Learn how to avoid costly mistakes whether you're taking out money or paying it back

September 14, 2020  3 min read

2020 has been a very challenging year. If you’re considering withdrawing money from your Tax-Free Savings Account (TFSA) or Registered Retirement Savings Plan (RRSP) to cover expenses or pay down debt, you’re not alone. Here’s some important things to keep in mind. 

RRSP Withdrawals

An RRSP’s primary purpose is to help you save for retirement. Your contributions are tax deductible, which means they are pre-tax dollars. That’s important, because if you take out money early from your RRSP, you will need to pay a withdrawal tax (though the First Time Home Buyer Withdrawal and the Life Long Learning Plan are exceptions to this rule).

You may want to explore a line of credit, a personal loan or withdrawing funds from your TFSA instead of dipping into your RRSP.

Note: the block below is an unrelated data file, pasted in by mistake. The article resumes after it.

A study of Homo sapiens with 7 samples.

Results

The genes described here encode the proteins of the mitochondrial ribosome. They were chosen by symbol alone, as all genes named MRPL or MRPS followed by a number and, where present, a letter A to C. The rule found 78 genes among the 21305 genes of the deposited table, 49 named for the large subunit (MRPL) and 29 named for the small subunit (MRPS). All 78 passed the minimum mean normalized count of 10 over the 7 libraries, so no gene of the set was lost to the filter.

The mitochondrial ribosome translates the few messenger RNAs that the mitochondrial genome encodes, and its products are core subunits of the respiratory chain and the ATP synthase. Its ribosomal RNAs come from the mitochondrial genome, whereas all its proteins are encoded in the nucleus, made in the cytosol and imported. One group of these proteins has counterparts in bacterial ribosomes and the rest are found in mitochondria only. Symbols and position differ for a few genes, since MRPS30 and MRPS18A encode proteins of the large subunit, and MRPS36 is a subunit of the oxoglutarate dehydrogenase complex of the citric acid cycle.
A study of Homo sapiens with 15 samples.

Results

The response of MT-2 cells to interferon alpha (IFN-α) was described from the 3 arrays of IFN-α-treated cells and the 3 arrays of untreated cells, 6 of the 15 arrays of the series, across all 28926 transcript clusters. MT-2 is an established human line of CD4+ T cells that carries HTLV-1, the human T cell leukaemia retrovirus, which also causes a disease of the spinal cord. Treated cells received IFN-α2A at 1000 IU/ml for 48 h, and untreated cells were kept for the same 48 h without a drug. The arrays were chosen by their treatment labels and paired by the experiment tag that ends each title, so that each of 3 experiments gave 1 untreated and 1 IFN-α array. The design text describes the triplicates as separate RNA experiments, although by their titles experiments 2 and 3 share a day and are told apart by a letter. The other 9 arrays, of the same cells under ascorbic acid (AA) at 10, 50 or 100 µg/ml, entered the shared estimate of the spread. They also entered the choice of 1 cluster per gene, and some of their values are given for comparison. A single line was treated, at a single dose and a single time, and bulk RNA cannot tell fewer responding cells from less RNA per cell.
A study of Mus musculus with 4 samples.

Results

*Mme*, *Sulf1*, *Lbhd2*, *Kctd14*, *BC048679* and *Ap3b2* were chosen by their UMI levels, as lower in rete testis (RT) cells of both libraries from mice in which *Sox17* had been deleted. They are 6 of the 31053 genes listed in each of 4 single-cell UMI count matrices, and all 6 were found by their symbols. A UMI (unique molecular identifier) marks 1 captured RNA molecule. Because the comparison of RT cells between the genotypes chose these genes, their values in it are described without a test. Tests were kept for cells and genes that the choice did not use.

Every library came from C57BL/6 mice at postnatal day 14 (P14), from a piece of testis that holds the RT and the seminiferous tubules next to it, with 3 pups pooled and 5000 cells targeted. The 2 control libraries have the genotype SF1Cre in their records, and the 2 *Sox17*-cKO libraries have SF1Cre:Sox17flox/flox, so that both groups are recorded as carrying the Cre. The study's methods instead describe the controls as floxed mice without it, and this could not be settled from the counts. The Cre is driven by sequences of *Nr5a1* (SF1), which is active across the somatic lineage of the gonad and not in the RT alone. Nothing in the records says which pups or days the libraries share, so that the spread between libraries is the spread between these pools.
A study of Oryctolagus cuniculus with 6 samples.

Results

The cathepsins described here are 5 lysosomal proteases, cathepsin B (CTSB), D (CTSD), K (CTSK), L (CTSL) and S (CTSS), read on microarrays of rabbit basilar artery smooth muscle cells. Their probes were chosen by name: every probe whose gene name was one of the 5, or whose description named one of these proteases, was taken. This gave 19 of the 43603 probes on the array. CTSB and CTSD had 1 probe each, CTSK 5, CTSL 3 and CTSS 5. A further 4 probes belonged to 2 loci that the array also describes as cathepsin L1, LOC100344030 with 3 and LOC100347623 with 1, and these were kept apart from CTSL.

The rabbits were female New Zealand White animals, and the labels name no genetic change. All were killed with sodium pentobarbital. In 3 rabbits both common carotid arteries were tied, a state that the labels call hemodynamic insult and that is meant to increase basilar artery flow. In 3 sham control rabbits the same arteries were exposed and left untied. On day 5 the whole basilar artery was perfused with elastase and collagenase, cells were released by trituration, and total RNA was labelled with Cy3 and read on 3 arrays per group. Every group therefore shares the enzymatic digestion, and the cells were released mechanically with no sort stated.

TFSA Withdrawals

Your TFSA is meant for short or long term savings goals, and it comes with annual contribution limits. These limits include any unused contribution room from previous years. Unlike an RRSP, TFSA contributions are made with after-tax dollars. That means you can make withdrawals at any time without incurring a tax penalty—and that can help you through a financially challenging time. 

Beware of TFSA over-contributions

The good news is that you will not lose your contribution room from your TFSA withdrawal.  The bad news is that this additional room will not come into play until the next calendar year. When you’re ready to put money back into your TFSA, you have to be careful not to go over your contribution limit for the year. If you take out money in 2020, you may need to wait to repay the funds until 2021 when you have the benefit of the additional room.

CRA over-contribution penalties

Keeping on top of your annual TFSA contribution limit is essential, because the Canada Revenue Agency (CRA) will penalize you if you put too much into your account. The penalty is 1% per month for the amounts over your limit, so it could add up to 12% per year. Register for online access with the CRA to keep track of your contribution room. 

You may also want to talk with your financial team to help keep your savings plan on track.